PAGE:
Despite breaking sales records yet again, there’s a hint that Chinese consumers grew weary of navigating all the Singles’ Day deals.
With sales reaching a record $30.69 billion in 24 hours, Alibaba’s Singles’ Day easily took the title of World’s Biggest Shopping Festival, one that allowed Chinese consumers to conveniently shop for virtually anything with a tap of their phones. But behind the festival’s impressive sales figures are the nagging issues of complicated UX experiences and “infotoxicaton” on most sales platforms.
Recent social media trends have testified to Chinese consumers’ increasing inability to deal with choice overload. On November 11, the top trending term #can I copy your shopping list# on Weibo exposed consumers’ difficulty finding the quality products they want despite the immense quantity of products available. The next day, on November 12, the top trending term #taobao refund just crashed# showed the ugly hangover that commonly comes from impulsive shopping, and later, on November 14, the trending topic #life is a horror story after double 11# revealed the financial stress Chinese consumers face during the holiday season.
Because of this choice overload, a curated shopping trend is blossoming on China’s mainstream e-commerce and social media channels—and even on niche online marketplaces. Initiatives created to simplify the shopping experience popped up during this year’s Singles’ Day that help consumers navigate the extreme amounts of market noise. Here’s an analysis of this trend:
The Mainstream E-commerce Approach
Early in 2017, Tmall launched the multi-channel initiative “Tmall Double 11 Picks” to offer product recommendations through media content. “One second to place an order, N hours of choosing products” was the tag line from the initiative’s 2017 campaign, which sums up the holiday shopping experience for many Singles’ Day shoppers. The initiative expanded this year into a two-month-long talent show to discover online shopping experts. Tmall featured the winners in a campaign video to showcase their expertise in choosing the best jeans, earphones, lipstick, etc.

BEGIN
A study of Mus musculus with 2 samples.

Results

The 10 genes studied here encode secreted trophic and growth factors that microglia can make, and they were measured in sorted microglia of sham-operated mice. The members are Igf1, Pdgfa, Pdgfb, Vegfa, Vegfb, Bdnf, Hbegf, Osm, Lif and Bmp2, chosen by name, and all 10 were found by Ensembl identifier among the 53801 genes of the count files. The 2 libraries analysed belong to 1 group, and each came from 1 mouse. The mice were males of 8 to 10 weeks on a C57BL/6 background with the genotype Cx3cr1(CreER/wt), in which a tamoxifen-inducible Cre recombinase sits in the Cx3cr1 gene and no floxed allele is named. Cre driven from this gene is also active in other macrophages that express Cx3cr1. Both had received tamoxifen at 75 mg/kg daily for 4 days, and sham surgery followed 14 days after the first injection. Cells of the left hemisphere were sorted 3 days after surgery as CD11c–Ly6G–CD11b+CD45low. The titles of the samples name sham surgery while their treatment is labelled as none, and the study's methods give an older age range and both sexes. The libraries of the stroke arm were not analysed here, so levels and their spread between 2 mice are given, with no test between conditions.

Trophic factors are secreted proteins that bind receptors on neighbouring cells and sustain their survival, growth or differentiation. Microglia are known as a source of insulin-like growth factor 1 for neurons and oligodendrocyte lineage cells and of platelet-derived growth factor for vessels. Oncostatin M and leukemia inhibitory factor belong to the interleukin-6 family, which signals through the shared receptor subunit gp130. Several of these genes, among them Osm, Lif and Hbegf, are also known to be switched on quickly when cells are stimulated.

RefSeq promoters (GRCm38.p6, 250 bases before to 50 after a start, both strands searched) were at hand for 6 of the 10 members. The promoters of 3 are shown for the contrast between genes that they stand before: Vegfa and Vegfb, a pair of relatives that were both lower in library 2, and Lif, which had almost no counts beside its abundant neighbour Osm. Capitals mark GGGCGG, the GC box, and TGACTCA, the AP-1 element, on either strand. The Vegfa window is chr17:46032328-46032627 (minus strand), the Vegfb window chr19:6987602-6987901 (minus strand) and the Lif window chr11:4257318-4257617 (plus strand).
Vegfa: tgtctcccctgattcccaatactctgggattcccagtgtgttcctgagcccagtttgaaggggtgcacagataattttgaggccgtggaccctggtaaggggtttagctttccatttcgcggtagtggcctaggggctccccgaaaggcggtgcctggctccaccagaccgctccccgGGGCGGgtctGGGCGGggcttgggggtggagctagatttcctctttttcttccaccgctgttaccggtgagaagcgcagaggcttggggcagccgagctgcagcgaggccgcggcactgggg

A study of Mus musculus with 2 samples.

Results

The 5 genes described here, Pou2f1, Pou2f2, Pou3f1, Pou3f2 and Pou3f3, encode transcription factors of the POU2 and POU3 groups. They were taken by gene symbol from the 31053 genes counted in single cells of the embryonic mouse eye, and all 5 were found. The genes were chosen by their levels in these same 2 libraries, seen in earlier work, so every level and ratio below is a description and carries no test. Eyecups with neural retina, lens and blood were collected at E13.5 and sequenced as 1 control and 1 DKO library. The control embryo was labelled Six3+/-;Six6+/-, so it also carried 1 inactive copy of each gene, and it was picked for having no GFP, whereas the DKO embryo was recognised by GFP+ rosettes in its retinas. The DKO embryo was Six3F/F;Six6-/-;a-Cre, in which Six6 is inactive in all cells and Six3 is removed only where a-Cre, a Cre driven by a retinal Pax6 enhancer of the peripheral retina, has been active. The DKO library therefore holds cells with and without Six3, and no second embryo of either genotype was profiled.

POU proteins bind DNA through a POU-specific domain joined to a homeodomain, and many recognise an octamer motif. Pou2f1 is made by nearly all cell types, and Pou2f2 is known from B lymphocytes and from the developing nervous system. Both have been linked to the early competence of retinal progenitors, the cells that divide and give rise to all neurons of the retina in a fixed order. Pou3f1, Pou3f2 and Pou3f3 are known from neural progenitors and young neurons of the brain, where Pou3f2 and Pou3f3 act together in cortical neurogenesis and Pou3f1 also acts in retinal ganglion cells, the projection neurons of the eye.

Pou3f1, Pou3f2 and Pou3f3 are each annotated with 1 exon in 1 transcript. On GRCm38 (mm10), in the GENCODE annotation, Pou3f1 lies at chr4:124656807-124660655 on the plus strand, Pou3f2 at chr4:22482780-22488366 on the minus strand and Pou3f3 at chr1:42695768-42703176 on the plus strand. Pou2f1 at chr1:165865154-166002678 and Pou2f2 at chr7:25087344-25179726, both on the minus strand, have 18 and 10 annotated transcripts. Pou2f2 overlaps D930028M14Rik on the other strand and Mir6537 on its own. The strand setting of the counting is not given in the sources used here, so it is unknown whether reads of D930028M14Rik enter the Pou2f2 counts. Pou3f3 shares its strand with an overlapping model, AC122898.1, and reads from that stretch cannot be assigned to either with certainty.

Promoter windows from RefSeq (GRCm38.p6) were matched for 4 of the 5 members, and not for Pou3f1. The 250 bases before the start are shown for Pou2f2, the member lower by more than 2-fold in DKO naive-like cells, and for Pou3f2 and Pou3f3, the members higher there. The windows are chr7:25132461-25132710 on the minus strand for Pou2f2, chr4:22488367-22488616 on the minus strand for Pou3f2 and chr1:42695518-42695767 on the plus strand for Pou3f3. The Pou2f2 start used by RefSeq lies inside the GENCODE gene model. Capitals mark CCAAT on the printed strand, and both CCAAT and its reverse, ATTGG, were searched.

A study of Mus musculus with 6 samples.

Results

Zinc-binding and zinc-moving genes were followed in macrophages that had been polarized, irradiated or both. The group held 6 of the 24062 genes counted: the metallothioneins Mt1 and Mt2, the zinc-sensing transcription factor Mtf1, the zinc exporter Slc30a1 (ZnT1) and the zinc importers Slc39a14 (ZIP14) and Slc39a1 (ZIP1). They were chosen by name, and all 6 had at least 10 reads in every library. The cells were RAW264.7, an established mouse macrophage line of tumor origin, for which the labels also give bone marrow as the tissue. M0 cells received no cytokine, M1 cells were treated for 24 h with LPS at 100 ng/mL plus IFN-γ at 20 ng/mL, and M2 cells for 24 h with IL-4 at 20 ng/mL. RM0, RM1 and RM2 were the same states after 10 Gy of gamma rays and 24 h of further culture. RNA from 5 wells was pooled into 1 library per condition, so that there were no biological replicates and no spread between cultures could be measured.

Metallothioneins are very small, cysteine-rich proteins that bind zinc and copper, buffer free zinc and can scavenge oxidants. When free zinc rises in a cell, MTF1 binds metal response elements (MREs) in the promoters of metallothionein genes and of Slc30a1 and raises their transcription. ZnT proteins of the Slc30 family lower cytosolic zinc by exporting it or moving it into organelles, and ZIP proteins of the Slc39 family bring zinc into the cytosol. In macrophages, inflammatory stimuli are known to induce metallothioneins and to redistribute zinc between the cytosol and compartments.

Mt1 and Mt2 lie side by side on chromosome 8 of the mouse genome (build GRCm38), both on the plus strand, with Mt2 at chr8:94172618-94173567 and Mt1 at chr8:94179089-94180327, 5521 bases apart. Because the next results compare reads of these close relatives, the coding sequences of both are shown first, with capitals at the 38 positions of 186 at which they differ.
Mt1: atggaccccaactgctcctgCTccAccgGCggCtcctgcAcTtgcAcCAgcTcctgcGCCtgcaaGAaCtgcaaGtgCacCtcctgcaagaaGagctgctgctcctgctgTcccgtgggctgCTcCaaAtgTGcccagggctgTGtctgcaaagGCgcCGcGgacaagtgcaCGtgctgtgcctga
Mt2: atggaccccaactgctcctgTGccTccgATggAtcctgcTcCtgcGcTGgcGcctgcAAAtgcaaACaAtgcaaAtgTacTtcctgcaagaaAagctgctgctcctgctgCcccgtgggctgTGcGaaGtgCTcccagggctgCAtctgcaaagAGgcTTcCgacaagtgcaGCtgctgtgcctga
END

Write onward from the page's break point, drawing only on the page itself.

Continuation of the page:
JD.com turned the e-commerce holiday into an 11-day shopping event called “Good Stuff from the World Festival (京东全球好物节).” To distance itself from Alibaba’s overwhelming platform, JD.com chose the Chinese character “挑 (select)” as its Double 11 keyword, with a core message of “Select good stuff, go to JD,” emphasizing the platform’s edited, curated marketplace to win over quality-minded consumers.
The Peer-to-Peer Social Approach
Peer-to-peer recommendations on social media are perceived as more authentic than those from the major e-tailers. On the social e-commerce app Little Red Book, there are more than 241,000 entries under the hashtag #Double11WorthyList (#双十一必买清单#). A typical entry includes screenshots of the user’s shopping cart, and step-by-step instructions on calculating the final net price.
The shopping event’s multiple discount rules, social rewards, and pop-up cash prizes makes it difficult for consumers to know a product’s final price. Faced with this problem, many fashion key opinion leaders (KOLs) published shopping guides throughout October, turning from social media stars to math whizzes. For example, top KOLs “Hi Better Me” and “Late Night Ms.Xu” both made multiple shopping guides that were popular with their followers.
The Niche E-commerce Approach
To tackle the choice overload, a wave of curated online marketplaces started gaining greater market traction during the holiday. The curated e-commerce site known for value buys Yanxuan (meaning “strictly selected” in Chinese) has a year-end target of $3 billion on gross merchandise volume.
Secoo, known as the e-commerce site for China’s high-net-worth individuals, brought a thoughtfully edited shopping board to Singles’ Day. Not only did the highly curated luxury site nearly triple its November 11 sales from last year, it also collected some impressive online luxury sales: a $387,725 (RMB 2,700,000) Rolex and a $68,929 (RMB 480,000) Hermès Birkin bag were two of the top sales that day, according to Secoo International CEO Federica Marchionni.
While they have far less product variety than Alibaba, curated sites like Yanxuan and Secoo have made it easier for Chinese consumers to shop for quality products.
China’s upper-middle-class urban consumers identified ‘shopping efficiency’ as their top consumer demand, according to a 2018 report from iiMedia Research. Amid the Singles’ Day shopping craze, the trend towards curated shopping and edited marketplaces emphasized how companies want to alleviate this issue.
After all, China’s e-commerce landscape is immense, with endless choices and nonstop shopping festivals. The ability to select and influence the shopping decisions of others has, therefore, become a coveted skill. In the face of choice overload, innovations that blend simplicity and quality will hold the key to China’s e-commerce future.